Hal Harris's picture

The Search for Superstrings, Symmetry, and the Theory of Everything

Mon, 03/01/1999 - 00:00 -- Hal Harris

For most of us chemists, our knowledge of the universe is pretty good from the atomic level upward, but when students ask us (as they sometimes do) about what it is that holds the nucleus together, or what a "string" is, or about quarks, leptons, and any of the other particles that are not electrons, protons, or neutrons, we begin to mumble.

Hal Harris's picture

Consilience: The Unity of Knowledge

Tue, 12/01/1998 - 00:00 -- Hal Harris

As soon as I heard about "Consilience", I figured it would likely be a "Pick of the Month", but I delayed buying it until it became available as a paperback through a book club (I buy just about all the books that appear in this column). This, the most recent book by the renowned Harvard entomologist E. O. Wilson, was worth waiting for.

Hal Harris's picture

What Remains To Be Discovered: Mapping the Secrets of the Universe, the Origins of Life, and the Future of the Human Race

Sun, 11/01/1998 - 00:00 -- Hal Harris

A year ago, a book entitled "The End of Science" by John Horgan claimed that there was nothing of significance left for science to uncover. It was not a "Hal's Pick" because I thought it was seriously mistaken, echoing the smug predictions of a century ago, just before the revolutions of quantum mechanics and relativity blew the lid off of classical science.

Hal Harris's picture

Strange Brains and Genius: The Secret Lives of Eccentric Scientists and Madmen

Tue, 09/01/1998 - 01:00 -- Hal Harris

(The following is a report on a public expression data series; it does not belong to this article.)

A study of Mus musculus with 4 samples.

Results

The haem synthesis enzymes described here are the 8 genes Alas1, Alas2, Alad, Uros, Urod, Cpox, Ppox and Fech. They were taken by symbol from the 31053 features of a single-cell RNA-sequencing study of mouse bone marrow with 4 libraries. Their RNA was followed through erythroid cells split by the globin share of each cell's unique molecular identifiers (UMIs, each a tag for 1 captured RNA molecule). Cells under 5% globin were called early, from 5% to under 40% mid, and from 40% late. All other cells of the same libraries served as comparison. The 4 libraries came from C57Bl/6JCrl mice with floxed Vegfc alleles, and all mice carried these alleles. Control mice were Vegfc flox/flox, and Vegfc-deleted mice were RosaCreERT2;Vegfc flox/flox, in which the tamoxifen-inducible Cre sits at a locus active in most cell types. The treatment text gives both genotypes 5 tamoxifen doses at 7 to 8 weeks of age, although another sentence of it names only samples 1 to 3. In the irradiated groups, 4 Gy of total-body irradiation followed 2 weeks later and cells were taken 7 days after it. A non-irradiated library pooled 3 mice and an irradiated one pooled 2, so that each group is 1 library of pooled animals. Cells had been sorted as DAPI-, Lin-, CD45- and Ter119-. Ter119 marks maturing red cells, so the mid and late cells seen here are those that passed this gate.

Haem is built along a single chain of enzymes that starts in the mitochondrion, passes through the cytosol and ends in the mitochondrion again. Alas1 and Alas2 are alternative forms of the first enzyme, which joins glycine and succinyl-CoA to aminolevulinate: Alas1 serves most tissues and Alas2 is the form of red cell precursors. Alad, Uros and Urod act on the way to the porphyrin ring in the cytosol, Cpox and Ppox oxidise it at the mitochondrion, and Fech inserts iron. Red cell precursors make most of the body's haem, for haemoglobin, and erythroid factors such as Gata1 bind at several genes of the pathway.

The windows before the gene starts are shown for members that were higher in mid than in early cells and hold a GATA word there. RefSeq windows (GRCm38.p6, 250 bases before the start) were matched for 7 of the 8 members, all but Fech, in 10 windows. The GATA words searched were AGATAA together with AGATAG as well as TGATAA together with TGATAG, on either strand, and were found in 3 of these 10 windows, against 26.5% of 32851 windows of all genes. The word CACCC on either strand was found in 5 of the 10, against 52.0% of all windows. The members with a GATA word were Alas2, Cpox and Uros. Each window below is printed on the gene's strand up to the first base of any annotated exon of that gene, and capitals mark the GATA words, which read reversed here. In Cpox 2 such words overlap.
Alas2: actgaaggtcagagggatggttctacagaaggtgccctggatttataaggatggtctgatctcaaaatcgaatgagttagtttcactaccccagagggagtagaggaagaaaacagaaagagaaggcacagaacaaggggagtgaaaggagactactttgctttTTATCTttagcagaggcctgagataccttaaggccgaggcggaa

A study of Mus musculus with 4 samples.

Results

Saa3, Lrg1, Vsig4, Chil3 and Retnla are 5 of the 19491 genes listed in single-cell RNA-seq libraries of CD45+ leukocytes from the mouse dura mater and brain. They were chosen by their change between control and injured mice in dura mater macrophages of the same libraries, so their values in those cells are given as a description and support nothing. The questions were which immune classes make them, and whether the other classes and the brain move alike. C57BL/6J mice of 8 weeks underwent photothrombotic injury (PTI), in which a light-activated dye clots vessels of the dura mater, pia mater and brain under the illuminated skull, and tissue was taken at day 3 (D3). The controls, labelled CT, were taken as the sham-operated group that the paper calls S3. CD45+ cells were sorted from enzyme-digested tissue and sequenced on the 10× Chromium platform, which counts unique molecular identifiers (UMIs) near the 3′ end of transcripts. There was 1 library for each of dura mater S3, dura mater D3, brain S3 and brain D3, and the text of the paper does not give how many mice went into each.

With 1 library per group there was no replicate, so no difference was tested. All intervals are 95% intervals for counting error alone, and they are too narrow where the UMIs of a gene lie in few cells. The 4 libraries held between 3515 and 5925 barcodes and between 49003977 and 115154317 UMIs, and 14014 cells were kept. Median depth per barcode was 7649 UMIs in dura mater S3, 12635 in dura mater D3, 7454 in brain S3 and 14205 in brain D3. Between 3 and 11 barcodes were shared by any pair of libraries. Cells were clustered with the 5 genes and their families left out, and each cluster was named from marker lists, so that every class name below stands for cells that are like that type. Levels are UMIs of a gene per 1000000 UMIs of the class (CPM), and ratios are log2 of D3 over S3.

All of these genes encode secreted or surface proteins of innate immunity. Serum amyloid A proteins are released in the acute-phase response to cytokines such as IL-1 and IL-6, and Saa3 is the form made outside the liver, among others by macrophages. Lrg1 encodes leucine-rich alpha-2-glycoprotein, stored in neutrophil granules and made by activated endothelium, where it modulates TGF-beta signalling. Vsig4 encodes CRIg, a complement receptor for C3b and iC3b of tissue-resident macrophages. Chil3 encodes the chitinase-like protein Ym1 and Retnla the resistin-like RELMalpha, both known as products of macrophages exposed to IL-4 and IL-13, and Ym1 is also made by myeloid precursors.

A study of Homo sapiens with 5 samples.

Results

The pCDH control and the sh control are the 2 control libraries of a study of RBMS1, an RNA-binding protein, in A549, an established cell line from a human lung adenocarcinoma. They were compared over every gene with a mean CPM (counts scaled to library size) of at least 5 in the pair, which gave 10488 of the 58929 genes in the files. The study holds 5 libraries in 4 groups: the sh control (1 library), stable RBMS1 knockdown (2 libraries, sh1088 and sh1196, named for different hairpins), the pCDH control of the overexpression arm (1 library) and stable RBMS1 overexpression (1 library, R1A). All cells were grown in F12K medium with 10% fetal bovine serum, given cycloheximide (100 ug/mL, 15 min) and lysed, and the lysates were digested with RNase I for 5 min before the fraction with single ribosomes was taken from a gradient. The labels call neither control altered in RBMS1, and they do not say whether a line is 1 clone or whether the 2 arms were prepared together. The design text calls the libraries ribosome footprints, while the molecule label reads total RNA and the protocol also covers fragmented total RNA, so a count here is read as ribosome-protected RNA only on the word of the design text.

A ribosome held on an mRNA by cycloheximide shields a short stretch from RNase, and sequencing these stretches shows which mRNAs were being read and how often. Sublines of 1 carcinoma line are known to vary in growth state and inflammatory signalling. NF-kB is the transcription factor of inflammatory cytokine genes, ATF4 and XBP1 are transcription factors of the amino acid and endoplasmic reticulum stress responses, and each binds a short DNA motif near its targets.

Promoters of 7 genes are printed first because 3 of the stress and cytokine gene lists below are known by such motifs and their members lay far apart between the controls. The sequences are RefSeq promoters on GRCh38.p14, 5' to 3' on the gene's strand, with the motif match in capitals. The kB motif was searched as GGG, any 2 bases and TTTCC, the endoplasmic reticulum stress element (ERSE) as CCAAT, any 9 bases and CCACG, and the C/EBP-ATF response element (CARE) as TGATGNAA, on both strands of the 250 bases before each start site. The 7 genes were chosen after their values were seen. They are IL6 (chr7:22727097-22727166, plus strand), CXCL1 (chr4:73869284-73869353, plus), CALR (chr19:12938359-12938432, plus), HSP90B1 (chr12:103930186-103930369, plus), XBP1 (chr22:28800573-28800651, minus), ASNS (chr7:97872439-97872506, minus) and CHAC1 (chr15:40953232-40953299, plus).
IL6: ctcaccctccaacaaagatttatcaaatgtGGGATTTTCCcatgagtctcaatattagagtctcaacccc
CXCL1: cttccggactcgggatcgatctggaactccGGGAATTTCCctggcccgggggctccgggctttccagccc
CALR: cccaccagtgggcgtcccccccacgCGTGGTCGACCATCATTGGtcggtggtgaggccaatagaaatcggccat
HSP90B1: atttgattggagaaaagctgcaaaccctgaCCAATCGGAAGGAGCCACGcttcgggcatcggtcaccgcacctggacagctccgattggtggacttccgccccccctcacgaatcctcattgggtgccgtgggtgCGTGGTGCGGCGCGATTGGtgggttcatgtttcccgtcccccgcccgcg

Some of the most incendiary minds of science have also verged on pathology; a few of them clearly have been mentally ill. Cliff Pickover describes the quirks and eccentric behaviors of some of these people, including Nikola Tesla (Chapter 1!), Oliver Heaviside, Richard Kirwan, Henry Cavendish, Francis Galton, and Theodore Kaczynski, among others.

Hal Harris's picture

Women in Chemistry: Their Changing Roles from Alchemical Times to the Mid-Twentieth Century

Sat, 08/01/1998 - 01:00 -- Hal Harris

Until relatively recently, chemistry was a career from which women were discouraged or excluded entirely. Therefore, in sieving through history for evidence of their contributions, Marelene and Geoffrey Rayner-Canham have had to dig very deeply indeed. For that reason, most of the names in this book (Laura Linton, Jane Marcet, Rachel Lloyd, for example) will be unfamiliar.

Hal Harris's picture

Molecules at an Exhibition: Portraits of Intriguing Materials in Everyday Life

Thu, 07/02/1998 - 02:00 -- Hal Harris

John Emsley writes about chemistry for the lay person, but manages to bring to light facts and anecdotes that will delight chemists and chemical educators. What is "the worst smell in the world"? - and how is it used to protect us? What radioactive element is used in smoke detectors? What's the secret of Coca Cola? What chemical turns men on?